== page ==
Witness | US v Pfc. Manning, Unidentified Diplomatic Security Services (DSS) Agent


United States v. Pfc. Manning was conducted in de facto secrecy. The public was not granted contemporaneous access to court filings or rulings during her trial. In addition to reporting on her trial, I transcribed the proceedings, reconstructed the censored appellate list, and un-redacted any publicly available documentation, in order to foster public comprehension of her unprecedented trial.

As a result of a lawsuit against the military judge and the Military District of Washington brought by the Center for Constitutional Rights, as well as my own FOIA requests and research, an official court record for US v. Pfc. Manning was released seven months after her trial. That record is not complete.

The official trial docket is published HERE and the entire collection of documents is text searchable at usvmanning.org.

*During the pretrial proceedings, court-martial and sentencing of Pfc. Manning, Chelsea requested to be identified as Bradley and addressed using the male pronoun. In a letter embargoed for August 22, 2013 Chelsea proclaimed that she is female and wished to be addressed from that moment forward as Chelsea E. Manning.

General Description

This unidentified Diplomatic Security Service (DSS) Agent was on the government’s original 7 July 2010 witness list.

The unidentified DSS agent, however, was the only agent requested by defense for the December 2011 Article 32 Pretrial Hearing that the Government objected to. The defense sought to compel this agent’s testimony.

While there is no public record of Almanza’s denial of this DSS agent’s testimony, the agent did not appear during any open session of the Article 32 Pretrial Hearing. The public record shows that at least fourteen witnesses were granted to defense for the Article 32 Pretrial Hearing. In Lt. Col. Almanza’s ruling on the Defense Request for Article 32 Witnesses, 12 witnesses were granted to the defense, 10 of whom were also requested by the Government. Defense said in open Court on December 16, 2011, that Lt. Col. Almanza granted two additional witnesses to defense that morning.

No. 8 on the December 2, 2011 Defense Request for Article 32 Witnesses

XXXXXXXXXX [WHO IS THIS?] is one of the law enforcement agents that conducted work on this case. The defense requests that XXXXXXXXXX [WHO IS THIS?] be instructed to provide the Investigating Officer [ Lt. Col. Paul Almanza] and the defense with a complete copy of DSS [Diplomatic Security Services at the Department of State (State Department (DoS)] case file number XXXXXXXXXX [WHAT IS THIS NUMBER?] and any other collateral investigations by the DSS [Diplomatic Security Services at the Department of State (State Department (DoS) ] related to this case at least two weeks prior to the start of the Article 32 hearing.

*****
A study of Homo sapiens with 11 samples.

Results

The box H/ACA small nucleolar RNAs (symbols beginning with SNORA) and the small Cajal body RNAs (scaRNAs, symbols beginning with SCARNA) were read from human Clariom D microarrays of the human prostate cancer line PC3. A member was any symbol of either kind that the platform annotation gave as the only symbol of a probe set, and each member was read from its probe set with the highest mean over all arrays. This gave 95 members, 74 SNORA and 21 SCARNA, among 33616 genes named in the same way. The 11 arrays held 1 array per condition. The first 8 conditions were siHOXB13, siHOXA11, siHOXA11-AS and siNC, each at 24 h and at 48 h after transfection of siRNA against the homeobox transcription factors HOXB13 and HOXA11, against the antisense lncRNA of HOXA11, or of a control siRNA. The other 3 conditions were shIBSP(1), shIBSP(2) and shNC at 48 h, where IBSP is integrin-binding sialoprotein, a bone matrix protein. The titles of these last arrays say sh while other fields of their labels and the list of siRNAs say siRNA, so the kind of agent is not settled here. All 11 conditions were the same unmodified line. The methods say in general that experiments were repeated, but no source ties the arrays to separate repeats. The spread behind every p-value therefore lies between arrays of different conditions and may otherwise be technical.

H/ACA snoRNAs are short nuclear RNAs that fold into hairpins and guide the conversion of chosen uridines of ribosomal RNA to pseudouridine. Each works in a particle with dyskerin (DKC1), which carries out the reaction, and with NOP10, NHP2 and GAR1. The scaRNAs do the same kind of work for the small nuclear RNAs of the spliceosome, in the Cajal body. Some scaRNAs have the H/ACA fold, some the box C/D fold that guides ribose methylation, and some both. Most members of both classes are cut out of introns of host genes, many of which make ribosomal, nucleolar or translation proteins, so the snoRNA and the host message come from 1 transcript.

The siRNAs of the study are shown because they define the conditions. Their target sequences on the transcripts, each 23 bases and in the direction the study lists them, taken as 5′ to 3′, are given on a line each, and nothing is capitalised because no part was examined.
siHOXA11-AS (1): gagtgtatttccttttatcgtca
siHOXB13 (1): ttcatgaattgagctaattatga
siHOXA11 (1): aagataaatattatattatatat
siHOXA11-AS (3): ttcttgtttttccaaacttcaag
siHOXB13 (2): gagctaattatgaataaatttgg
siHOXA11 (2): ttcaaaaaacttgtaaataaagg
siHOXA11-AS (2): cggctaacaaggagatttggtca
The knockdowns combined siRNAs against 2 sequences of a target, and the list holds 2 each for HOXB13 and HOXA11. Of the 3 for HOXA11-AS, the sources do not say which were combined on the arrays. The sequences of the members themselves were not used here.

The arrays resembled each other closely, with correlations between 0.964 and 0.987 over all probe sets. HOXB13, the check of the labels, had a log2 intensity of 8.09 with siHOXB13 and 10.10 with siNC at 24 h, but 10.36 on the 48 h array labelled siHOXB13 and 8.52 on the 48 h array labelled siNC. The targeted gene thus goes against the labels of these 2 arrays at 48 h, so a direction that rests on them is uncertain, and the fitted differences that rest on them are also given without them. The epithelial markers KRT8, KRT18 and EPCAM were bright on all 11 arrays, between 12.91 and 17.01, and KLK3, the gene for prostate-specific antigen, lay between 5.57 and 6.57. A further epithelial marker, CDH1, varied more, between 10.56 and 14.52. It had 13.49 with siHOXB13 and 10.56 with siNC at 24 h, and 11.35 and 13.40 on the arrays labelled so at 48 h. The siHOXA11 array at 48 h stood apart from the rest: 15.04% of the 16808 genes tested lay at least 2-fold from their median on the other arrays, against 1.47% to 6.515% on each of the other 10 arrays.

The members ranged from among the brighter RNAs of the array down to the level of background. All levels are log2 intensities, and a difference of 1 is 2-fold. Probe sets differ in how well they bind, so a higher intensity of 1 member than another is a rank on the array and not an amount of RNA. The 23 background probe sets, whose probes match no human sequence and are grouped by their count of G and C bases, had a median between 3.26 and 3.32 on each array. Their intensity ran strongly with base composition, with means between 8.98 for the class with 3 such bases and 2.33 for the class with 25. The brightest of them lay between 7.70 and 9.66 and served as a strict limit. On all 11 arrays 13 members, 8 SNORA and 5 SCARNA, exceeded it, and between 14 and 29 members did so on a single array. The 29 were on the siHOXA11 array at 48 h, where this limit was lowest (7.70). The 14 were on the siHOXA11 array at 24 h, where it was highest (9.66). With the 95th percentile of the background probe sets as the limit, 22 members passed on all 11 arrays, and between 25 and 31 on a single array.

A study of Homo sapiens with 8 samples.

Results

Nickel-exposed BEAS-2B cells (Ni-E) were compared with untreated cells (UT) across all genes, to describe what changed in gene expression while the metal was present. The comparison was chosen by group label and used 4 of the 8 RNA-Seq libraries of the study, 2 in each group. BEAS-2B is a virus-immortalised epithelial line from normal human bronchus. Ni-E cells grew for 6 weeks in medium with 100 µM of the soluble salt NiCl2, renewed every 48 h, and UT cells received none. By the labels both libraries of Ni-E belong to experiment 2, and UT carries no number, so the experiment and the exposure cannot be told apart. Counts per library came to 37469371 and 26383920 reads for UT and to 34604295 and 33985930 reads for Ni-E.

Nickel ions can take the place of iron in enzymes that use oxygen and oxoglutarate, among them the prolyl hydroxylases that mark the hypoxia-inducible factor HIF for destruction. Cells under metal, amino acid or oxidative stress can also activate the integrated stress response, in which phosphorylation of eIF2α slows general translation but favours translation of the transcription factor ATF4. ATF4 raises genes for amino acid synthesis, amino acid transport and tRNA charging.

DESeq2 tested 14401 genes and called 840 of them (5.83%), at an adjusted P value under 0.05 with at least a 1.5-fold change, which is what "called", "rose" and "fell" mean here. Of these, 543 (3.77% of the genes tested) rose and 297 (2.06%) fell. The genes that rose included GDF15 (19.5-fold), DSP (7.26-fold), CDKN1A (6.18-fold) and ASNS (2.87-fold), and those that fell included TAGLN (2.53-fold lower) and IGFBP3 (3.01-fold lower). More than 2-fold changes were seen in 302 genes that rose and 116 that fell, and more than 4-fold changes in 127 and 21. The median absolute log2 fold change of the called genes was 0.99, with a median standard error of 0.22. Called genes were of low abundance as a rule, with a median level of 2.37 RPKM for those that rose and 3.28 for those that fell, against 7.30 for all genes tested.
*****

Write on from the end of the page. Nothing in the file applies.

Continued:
December 8, 2011 Defense Request to Compel the Production of Article 32 Witnesses

The fact that the defense-requested agents mirror those of the government (with the exception of XXXXXXXXXX [Unidentified DSS [Diplomatic Security Service Agent at the Department of State (State Department) (DoS)] Agent] should speak to the reasonableness of the defense’s request. The defense has requested the attendance of XXXXXXXXXX [Unidentified DSS [Diplomatic Security Service Agent at the Department of State (State Department) (DoS)] Agent] in order to provide the Investigating Officer with testimony concerning the joint investigations being conducted by both the Department of State and the Federal Bureau of Investigation. Notably, XXXXXXXXXX was on the original government’s witness list filed on 7 July 2010. According to the government’s memo dated 7 December 2011, the other agents “XXXXXXXXXXXXXXXXXXXXXXXXXXXXXX [WHAT IS THIS?] can provide the needed testimony.” Their testimony, however, will in large part be hearsay evidence about what other agents have done on the case and what witnesses have told these other case agents. Such testimony will do little to aid the Investigating Officer in conducting a “thorough and impartial investigation of all matters” as required by Article 32(a) UCMJ. Further, the defense has a legitimate interest in using the Article 32 hearing as a discovery tool (see discussion to RCM 405(a)). If the defense does not have the opportunity to question the case agents about evidence they developed, witnesses they interviewed, leads they pursued, leads they elected not to pursue, and other relevant matters, the defense will also be denied an important function that the Article 32 investigation is designed to accomplish. Given the status of current and ongoing operations and the fact that case agents are likely spread throughout the United States and overseas, the Article 32 investigation is the only realistic mechanism available to the defense to personally question the case agents involved in the investigation.